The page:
I'm comparing two groups A, B after cross tabulating them with cases and controls.

I get a table as such:

    Control Cases
  A   8       0
  B  14       0

Obviously, I can't do an odds ratio because of the 0's. Doing a Fisher's exact test gives me a p-value of 0.5152 but the confidence interval goes from 0.16 to Infinity.

Adding .5 to each cell doesn't change Fisher's exact test (although I'm not sure why the ODD's ratio is still infinite in R) and I'm hesitant to use a normality approximation due to the small cell counts.

However, the signal seems to be quite strong that A and B both act the same... Neither of them are push an observation into the "case" category. (Here A & B are toxic substances).

What would be some other ways I can tackle this to get this point across?

Thank you!

  • 1
    $\begingroup$ Your terminology is likely to confuse people: ordinarily "controls" and "cases" are assigned by the experimenter. If you have no cases, you haven't done the experiment yet and there is nothing to analyze. One might guess that "controls" and "cases" just distinguish two possible outcomes that can occur, but what exactly do "A" and "B" mean? Were they determined by the experimenter or are they observations of some binary outcome, too? $\endgroup$
    – whuber
    Apr 23, 2014 at 18:57
  • $\begingroup$ A & B are two toxic compounds. Cases and & Controls were if biological damage was observed after administration of either A or B. $\endgroup$ Apr 23, 2014 at 20:07
  • 1
    $\begingroup$ @whuber This is not necessarily true. Consider the canonical Case-Control study, wherein cases and controls are not assigned by the experimenter. In many circumstances, these studies also struggle with low cell-counts. $\endgroup$
    – Fomite
    Apr 23, 2014 at 22:45

2 Answers 2


In this case, my best recommendations are as follows:

  1. Think about your experiment
  2. Get more samples

The first is to address a possibility within your data - that you're running into 0 counts for the cases because the treatments you're using are incapable of producing cases. That is, you don't have 0 cases due to random chance, but you have 0 cases because p(Case|Treatment) = 0. Do you have any support for the belief that A or B can cause biological damage at the levels you are administering them?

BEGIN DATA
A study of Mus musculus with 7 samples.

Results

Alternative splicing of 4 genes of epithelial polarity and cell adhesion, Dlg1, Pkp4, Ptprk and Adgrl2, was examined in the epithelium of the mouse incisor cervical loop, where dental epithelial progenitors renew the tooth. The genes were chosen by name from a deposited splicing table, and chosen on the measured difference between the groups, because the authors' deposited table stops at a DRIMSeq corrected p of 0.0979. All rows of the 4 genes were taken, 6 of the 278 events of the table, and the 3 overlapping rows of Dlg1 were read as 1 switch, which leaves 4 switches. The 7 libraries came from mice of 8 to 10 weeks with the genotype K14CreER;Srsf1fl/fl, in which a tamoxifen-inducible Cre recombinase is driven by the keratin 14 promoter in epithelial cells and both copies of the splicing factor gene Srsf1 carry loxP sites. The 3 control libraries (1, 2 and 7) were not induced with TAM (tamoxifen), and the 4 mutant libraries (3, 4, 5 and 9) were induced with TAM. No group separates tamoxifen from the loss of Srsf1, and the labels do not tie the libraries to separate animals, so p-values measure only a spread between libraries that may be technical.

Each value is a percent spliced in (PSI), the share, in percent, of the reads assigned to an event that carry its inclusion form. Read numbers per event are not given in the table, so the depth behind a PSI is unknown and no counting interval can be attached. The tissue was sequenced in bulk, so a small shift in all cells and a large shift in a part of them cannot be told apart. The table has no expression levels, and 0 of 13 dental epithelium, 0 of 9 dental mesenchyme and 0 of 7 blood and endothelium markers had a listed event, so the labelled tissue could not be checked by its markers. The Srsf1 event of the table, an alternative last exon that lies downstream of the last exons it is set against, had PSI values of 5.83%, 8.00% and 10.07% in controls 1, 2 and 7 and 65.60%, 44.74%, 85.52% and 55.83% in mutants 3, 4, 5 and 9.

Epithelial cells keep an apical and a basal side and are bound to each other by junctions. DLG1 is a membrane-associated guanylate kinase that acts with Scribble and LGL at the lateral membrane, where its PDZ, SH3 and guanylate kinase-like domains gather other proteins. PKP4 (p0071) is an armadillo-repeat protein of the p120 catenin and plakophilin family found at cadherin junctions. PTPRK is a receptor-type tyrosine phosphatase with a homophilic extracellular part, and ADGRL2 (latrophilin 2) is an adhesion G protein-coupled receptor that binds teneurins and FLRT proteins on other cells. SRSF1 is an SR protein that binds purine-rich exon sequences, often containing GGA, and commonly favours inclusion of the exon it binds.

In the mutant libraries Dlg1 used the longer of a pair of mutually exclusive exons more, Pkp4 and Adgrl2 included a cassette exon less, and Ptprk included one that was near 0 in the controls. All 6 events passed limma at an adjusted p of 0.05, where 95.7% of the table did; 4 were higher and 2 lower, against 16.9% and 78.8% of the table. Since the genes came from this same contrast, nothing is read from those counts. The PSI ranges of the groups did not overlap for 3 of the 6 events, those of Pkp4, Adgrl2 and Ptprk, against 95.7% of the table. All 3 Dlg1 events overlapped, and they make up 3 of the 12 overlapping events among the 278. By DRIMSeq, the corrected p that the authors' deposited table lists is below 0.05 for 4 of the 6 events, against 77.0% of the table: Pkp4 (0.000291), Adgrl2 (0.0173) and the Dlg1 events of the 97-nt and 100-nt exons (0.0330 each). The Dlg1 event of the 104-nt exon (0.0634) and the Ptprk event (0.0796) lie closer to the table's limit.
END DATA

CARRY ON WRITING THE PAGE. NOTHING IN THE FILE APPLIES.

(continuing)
If you don't, this may be a pathological problem that cannot be fixed purely with statistics, and will require revisiting your study protocol.

The second is, well, that if A or B can rarely cause biological damage, you may be making valid inferences using Fisher's Exact Test or the other ways to deal with small cell size, but because both treatments have zero cases, you're going to get wildly imprecise estimates, as seen from your confidence intervals. In this case, your study is simply under-powered, and you need more samples.

Both are experimental design suggestions, because at this point what your asking is for statistics to show that two things that aren't different are different. That's a tall order.


A solution could be using a bayesian approach, by putting a weakly informative prior on the estimates; specifically, a prior which gives very low probability to extremely positive or negative values to the log of the Odds Ratio

(remember: Odds Ratio [0; Inf] -> log Odds Ratio [-Inf; Inf])


Without going full Bayesian, I often use a semi-Bayesian (aka penalized maximum likelihood estimate) estimation for the log odds ratio, imposing a Cauchy prior (see Gelman http://www.stat.columbia.edu/~gelman/research/published/priors11.pdf), which is actually a T distribution with df = 1.

Here's what I would do in R (with arm library):

mod <- bayesglm(cbind(c(0,0), c(8, 14)) ~ c('A', 'B'), binomial()) # B versus A
exp(coef(mod)[2]) # OR ≈ 0.95
exp(confint.default(mod)[2,]) # CI ≈ 0.011, 81.4 

Of course, the analysis shows the total lack of information in the data regarding the phenomenon; it just put real numbers to uncertainty instead of infinite values, but nonetheless a quite uninformative interval!

In summary, the interpretation is that this data cannot tell you whether A is different from B. You need more data and you need to observe at least few cases! Than Bayes or semi-Bayes methods can help you with lack of stability in the case or rare events by shrinking estimates to more credible values.